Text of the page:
In today’s food-conscious world, many of us want to get more benefits from the food we eat. Functional foods provide just that. A functional food is a natural food or manufactured food that has benefits beyond basic nutrition and calories.
According to Mayo Clinic nutritionist Jennifer K. Nelson, R.D., L.D., “All foods are functional because they provide varying amounts of nutrients and energy to sustain growth or support vital processes. However, functional foods are generally considered to offer additional benefits that may reduce the risk of disease or promote optimal health.”
Functional foods can also act like health supplements. For instance, the leaves of the moringa plant that I love so much can be considered a functional food (see Recipes for my Moringa Vegetable Soup, Grilled Artichokes with Moringa Dip and Moringa Chiffon Muffins, which is from The Age Beautifully Cookbook).
Moringa leaves are often dried and ground, and the resulting green powder is added to soups or sauces to make them healthier. I use moringa powder to add the FoodTrients calcium, potassium, vitamin A, and vitamin C and their health benefits to my Moringa Dip. Calcium promotes bone and tooth growth, potassium enhances nerve and muscle function, vitamin A strengthens skin and hair, and vitamin C helps the body resist infection. As you see, I’ve taken my dip for veggies to the next nutritional level without compromising on flavor.
Ashitaba is another plant that is mostly used as a dietary supplement, especially in Japan. It’s considered a functional food because the benefits from eating it are so great. It contains high levels of vitamin B12, which boost energy and protect the heart and brain. Its chlorophyll purifies the blood, manages bacterial growth, detoxifies, and protects against certain cancers. Compounds unique to this species of plant, called chalcones, have anti-tumor, antibacterial, and wound-healing properties. I created a recipe with ashitaba for the Age Beautifully Cookbook that turns a food favorite into a tasty more functional dish – Ashitaba Potato Salad.
Turmeric is an amazing antioxidant and anti-inflammatory. People have begun to add it to more than just orange juice and curry powders. Temple Turmeric offers a line of turmeric juices that are spicy and functional. They call them “yoga in a bottle.” They are meant to be enjoyed like sports drinks, but their juices can also be used as marinades for chicken or fish. I love cooking with turmeric and have developed a number of recipes for my cookbooks. For a drink full of turmeric power, try my Fresh Turmeric Juice.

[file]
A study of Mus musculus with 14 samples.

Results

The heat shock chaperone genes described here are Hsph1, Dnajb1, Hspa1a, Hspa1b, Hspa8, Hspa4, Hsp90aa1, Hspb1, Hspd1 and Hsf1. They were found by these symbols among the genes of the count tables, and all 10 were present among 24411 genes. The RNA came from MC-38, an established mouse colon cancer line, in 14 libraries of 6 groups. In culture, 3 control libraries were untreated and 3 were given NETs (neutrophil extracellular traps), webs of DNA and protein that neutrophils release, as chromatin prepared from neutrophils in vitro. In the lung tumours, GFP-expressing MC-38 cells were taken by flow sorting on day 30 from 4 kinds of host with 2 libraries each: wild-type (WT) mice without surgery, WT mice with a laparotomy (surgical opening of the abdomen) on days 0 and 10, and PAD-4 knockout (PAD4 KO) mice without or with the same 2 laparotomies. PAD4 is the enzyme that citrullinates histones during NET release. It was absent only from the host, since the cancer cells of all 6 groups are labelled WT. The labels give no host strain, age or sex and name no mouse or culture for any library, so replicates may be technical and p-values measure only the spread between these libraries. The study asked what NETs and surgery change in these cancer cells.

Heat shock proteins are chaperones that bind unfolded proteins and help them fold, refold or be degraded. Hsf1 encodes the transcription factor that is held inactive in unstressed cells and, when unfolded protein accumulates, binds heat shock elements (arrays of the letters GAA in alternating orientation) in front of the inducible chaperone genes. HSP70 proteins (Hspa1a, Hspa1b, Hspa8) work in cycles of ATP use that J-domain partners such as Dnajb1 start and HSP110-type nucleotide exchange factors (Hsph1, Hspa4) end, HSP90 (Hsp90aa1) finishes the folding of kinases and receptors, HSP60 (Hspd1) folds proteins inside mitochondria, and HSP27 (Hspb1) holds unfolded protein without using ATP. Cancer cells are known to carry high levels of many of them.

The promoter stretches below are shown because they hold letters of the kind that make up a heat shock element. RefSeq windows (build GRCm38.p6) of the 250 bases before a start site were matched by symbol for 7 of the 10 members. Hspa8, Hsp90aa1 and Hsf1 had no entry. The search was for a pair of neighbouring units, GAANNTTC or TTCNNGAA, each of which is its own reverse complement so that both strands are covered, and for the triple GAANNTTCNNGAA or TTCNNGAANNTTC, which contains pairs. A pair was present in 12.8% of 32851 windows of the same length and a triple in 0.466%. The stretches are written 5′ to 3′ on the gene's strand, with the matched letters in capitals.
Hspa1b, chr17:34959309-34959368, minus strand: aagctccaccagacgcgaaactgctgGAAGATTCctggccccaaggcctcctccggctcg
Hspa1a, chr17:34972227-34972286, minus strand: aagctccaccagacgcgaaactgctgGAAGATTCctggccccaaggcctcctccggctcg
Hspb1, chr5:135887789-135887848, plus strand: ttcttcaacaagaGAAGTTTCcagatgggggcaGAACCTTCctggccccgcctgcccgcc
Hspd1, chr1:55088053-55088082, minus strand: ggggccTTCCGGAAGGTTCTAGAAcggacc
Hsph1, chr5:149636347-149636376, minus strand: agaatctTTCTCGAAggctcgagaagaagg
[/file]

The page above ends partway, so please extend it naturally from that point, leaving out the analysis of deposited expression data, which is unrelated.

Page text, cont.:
Another great functional food is chia. They provide lots of fiber (an excellent detoxifying FoodTrient) and omega-3 fatty acids (a powerful anti-inflammatory FoodTrient), in addition to stabilizing your blood sugar. I like to eat the tiny white or black seeds after they’ve been soaked in liquid for 20 minutes. My Chia Frescas recipe is wonderful if you like the taste and texture of chia seeds. But you may just want the health benefits of those tiny seeds without crunching on them. If so, I’ve found a pasta company that adds chia seeds to its wheat pastas (they are not gluten-free, but they are vegan). Al Dente Pasta Company makes a whole line of pastas infused with ground chia seeds. Called BonaChia, they are a bit chewier than traditional pasta, but they carry a nutritional punch. To complement the flavor of this unique pasta, I’ve created a southwestern-inflected recipe with ground pork, chilis, corn, and peppers. I think you’ll love it.
Chia Fettuccine with Southwestern Pork and Veggies
You can use ground turkey in place of the pork, if desired. Try adding chopped onion, tomatillos, and/or jalapenos for more kick. Drizzle with crema Mexicana or sprinkle with cotija cheese if you’re not worried about calories. You can buy piment d’Espelette—a French chili pepper— as a powder or paste at specialty food stores, or substitute hot paprika to taste.
1 lb. sliced pork loin
1 tsp. salt or salt substitute
1 tsp. minced garlic
¼ tsp. black pepper
½ tsp. dry mustard
½ tsp. ground cumin
¼ tsp. chili powder
1 tsp. piment d’Espelette (or regular paprika or crushed red peppers)
4 Tbs. olive oil, divided in half
½ cup chopped red onion
1 cup chopped red bell pepper
¼ cup sliced jalapeños
1 cup chopped pasilla chile (or 4 oz. canned green chiles or 15 oz. canned corn)
1½ cups fresh corn kernels
1 package (10 oz.) BonaChia Fettuccine (or regular pasta or brown rice)
¼ cup chopped scallions
2-4 Tbs. black or white chia seeds
4 Tbs. Parmesan cheese (optional)
- Mix the pork and the spices until evenly incorporated.
- In a cast-iron or heavy-bottomed pan, cook the meat in 2 Tbs. of the oil over medium heat for about 5 minutes, stirring often.
- Add the vegetables and remaining oil to the pan. Cook another 5 minutes.
- Cook the pasta according to package directions. Toss with the meat and vegetables.
- Garnish with the chopped scallions, Parmesan cheese (if using), and chia seeds.
Reduce inflammatory process in cells, tissues, and blood vessels, helping to slow aging and reduce risk of long-term disease.
Prevents and repairs oxidative damage to cells caused by free radicals.
Support the body’s resistance to infection and strengthen immune vigilance and response.
Improves mood, memory, and focus.
Reduces risk factors for common degenerative and age-related diseases.